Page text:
As unveilings go, Jeb Bush offered more Velvet Elvis than Mona Lisa. The lagging presidential candidate once seen as a probable frontrunner limped into Garner to announce his much-ballyhooed economic plan. His staff, frustrated by the bombast and staying power of Donald Trump, chose a Garner manufacturing facility, Morris & Associates, an industrial equipment maker, as the scene for what had been billed as an important announcement.
But despite landing an op-ed piece in the reliably conservative Wall Street Journal on Wednesday that also announced his plan, Bush seemed to get little attention nationally. Trump was busy taking all the oxygen out of the Republican room by criticizing the looks of business executive Carly Fiorina, who’s also seeking the GOP nomination.
Bush’s plan? It sounds a lot like what his father called “voodoo economics” – big tax cuts that magically pay for themselves by spurring rapid economic growth. Workers feeling the pain of wage stagnation and young people burdened by college loan debt are unlikely to rally behind a plan that repeats the trickle-down approach that hasn’t worked since Ronald Reagan pushed it and George H.W. Bush scoffed at it.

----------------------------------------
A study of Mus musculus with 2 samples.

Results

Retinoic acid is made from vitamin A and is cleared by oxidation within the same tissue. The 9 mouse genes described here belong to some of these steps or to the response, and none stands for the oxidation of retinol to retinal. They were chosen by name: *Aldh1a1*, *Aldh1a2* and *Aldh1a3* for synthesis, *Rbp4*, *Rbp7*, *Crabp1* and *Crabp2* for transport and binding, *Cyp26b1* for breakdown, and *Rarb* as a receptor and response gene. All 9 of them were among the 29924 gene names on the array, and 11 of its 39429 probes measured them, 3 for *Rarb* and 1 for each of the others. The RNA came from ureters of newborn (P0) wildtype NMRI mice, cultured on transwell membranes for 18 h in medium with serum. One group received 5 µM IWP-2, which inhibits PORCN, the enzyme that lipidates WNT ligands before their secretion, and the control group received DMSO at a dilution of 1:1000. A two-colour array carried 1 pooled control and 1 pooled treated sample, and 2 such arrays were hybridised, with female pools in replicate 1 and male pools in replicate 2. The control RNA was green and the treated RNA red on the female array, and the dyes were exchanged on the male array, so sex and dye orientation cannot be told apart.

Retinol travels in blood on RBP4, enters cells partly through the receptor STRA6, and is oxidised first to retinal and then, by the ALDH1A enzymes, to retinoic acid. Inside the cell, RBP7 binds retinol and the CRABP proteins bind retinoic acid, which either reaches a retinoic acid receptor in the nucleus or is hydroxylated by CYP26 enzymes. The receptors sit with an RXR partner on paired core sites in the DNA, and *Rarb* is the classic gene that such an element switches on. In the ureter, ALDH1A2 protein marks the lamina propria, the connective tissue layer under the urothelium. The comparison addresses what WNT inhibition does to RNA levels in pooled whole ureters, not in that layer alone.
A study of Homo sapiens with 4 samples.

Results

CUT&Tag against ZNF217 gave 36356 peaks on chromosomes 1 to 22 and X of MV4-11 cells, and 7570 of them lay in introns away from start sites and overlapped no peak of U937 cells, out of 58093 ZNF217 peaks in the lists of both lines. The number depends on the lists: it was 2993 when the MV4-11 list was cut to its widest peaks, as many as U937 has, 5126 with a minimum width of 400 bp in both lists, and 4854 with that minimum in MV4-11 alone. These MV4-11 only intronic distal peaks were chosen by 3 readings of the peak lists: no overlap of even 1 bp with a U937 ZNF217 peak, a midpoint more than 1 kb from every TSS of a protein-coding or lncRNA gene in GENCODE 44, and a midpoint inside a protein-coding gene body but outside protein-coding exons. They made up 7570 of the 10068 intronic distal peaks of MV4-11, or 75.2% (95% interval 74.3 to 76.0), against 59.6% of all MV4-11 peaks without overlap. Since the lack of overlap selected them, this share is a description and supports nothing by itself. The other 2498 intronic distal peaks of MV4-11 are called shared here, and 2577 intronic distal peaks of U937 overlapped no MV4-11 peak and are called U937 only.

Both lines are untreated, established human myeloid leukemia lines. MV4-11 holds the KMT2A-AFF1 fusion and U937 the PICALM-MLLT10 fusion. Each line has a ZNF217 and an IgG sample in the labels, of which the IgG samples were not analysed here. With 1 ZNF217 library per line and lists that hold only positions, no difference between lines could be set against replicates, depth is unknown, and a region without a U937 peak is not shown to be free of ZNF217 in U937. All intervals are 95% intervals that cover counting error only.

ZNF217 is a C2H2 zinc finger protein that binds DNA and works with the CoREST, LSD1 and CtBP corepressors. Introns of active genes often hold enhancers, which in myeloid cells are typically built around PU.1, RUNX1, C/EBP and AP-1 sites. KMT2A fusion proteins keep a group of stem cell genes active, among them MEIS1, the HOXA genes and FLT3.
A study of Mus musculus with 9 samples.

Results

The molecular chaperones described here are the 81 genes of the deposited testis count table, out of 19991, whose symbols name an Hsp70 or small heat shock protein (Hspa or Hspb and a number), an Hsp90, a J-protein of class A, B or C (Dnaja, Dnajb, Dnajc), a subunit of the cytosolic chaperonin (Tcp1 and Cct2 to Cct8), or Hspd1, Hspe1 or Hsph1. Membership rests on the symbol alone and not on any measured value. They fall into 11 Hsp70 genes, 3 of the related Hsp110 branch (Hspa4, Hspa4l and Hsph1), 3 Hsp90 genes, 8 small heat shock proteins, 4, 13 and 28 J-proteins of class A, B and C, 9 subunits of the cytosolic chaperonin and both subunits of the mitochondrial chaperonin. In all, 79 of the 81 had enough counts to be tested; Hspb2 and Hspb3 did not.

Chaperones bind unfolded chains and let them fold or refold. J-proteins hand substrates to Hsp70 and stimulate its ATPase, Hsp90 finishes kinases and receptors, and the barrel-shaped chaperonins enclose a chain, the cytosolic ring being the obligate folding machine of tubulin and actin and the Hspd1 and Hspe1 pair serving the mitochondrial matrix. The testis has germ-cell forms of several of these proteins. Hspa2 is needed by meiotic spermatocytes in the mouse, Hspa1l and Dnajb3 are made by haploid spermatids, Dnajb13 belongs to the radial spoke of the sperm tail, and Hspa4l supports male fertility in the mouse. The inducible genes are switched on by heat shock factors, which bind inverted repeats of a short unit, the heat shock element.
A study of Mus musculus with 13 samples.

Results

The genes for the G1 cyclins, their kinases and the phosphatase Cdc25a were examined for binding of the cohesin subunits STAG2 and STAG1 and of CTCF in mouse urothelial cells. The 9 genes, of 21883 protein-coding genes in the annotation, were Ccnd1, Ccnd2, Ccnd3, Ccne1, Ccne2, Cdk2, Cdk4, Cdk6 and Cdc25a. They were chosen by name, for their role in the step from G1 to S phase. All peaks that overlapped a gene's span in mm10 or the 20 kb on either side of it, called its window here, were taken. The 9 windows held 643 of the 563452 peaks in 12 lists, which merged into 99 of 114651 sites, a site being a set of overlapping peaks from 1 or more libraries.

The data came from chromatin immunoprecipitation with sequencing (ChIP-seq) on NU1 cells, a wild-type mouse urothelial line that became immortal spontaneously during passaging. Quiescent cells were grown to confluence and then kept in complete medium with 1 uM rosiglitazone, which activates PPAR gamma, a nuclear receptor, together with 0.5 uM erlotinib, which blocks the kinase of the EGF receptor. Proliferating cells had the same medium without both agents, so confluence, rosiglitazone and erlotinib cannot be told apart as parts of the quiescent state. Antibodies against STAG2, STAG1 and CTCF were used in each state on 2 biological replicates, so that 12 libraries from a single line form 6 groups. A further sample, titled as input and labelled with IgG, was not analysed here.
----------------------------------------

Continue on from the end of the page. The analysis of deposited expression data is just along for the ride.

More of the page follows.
Nonetheless, Jeb Bush says he would cut corporate taxes from 35 percent to 20 percent, not tax U.S. businesses abroad, simplify the tax code overall and lower the top income tax rate. In other words, he’d follow the standard Republican game plan of cutting taxes on business and the wealthy and leave the middle class with a boot on its neck. Yawn.
This is the best Bush has? He’s up against it in a rough primary with 15 or 16 people in it and to separate himself from the pack he offers a plan from 1980? Yawn.
This is, after all, a campaign for the presidency of the United States, and Bush’s opponents aren’t exactly political powerhouses with any connections approaching his. Yet he and other Republicans continue to focus on bashing Hillary Clinton and the Affordable Care Act and to present virtually no fresh ideas of their own.
Meanwhile, Trump is entertaining the nation by playing Whack-a-Mole with his opponents, smacking their ideas whenever they offer one. But Bush’s economic plan is so predictable Trump probably won’t even bother knocking it down. He’s yawning, too.